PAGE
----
Dutch Europhiles seek late surge


Facing defeat in Wednesday's referendum on the European constitution, Dutch Euro-enthusiasts are pinning their hopes on a surprise "yes" vote in France today to give their flagging campaign an 11th-hour lift.

Facing defeat in Wednesday's referendum on the European constitution, Dutch Euro-enthusiasts are pinning their hopes on a surprise "yes" vote in France today to give their flagging campaign an 11th-hour lift.

Opinion polls suggest Dutch voters will deliver a clear rebuff to the EU. But Michiel van Hulten, campaign director of the umbrella group arguing for the constitution, said: "I think it will depend on France. If they vote 'yes' it will strengthen our vote. If they vote 'no' that will kill it off. But I think a 'yes' vote here is still possible."

A founder member of the EU, the Netherlands has a history of solid support for the pro-European cause, but has undergone an acute identity crisis since the murder of the maverick anti-immigration campaigner Pim Fortuyn and last year's slaying of the film-maker Theo van Gogh, a controversial critic of Islam.

EU officials know that a double rebuff from France and Holland this week would deliver a lethal blow to the constitution, which needs to be ratified by all 25 member states to come into force.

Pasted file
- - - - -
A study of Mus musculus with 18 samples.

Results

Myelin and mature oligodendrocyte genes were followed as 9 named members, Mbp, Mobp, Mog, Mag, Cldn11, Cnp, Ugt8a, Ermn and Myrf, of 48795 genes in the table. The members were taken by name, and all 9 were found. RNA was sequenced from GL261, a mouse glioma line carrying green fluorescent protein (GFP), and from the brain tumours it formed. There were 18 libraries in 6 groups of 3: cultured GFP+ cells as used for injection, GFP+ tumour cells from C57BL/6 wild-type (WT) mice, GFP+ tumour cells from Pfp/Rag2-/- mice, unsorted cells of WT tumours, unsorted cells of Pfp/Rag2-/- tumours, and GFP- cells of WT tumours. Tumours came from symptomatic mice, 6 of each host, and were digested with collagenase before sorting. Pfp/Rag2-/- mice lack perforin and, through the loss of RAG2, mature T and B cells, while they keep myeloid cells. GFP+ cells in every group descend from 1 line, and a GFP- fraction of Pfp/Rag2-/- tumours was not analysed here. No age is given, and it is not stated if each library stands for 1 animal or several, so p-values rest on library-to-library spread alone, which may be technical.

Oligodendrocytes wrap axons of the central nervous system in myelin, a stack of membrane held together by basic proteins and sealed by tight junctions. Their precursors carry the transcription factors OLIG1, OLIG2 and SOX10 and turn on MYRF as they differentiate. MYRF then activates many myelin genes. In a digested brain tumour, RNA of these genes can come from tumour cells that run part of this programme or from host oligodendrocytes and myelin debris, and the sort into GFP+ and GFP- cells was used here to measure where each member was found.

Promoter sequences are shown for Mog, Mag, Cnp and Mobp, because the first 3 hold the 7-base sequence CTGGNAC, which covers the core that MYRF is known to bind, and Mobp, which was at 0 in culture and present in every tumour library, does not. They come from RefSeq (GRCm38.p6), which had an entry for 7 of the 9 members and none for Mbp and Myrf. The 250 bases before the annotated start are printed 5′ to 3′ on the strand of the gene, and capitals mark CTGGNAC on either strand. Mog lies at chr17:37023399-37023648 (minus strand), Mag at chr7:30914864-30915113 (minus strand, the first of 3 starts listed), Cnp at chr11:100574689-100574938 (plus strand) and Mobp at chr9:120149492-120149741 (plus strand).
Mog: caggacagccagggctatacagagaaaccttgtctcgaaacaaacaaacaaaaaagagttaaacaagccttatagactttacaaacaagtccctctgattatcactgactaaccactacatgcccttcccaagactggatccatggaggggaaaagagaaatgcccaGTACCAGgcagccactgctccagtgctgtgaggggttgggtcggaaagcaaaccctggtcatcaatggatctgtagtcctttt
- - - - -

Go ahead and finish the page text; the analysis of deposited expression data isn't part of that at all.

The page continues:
Issues dominating the campaign in the Netherlands include inflation after the introduction of the euro, the role of small countries in an enlarged EU and immigration. But Mr van Hulten believes that "the main phenomenon has been the complete distrust of politicians and the role they are playing".

Sitting on a bench in Delft's main square, Jan Hoezen emphasises the inflation created by the euro's introduction. "They said before that it would not be too expensive but most things cost more," he said. "We are a small country and, in the EU now, only the bigger countries will have a big say."

Across the square, Lennie Immers outlines similar worries, arguing: "I am not against a united Europe. What I am against is that small countries won't have a large say because they will not have a large enough population [under the new voting system]."

Supporters of the constitution were thin on the ground. Ruth Verhmeulen, running a charity stall, will back the treaty because of a clause that allows citizens to propose new laws if they can get one million signatures on a petition. "I believe in the good side of people," she said.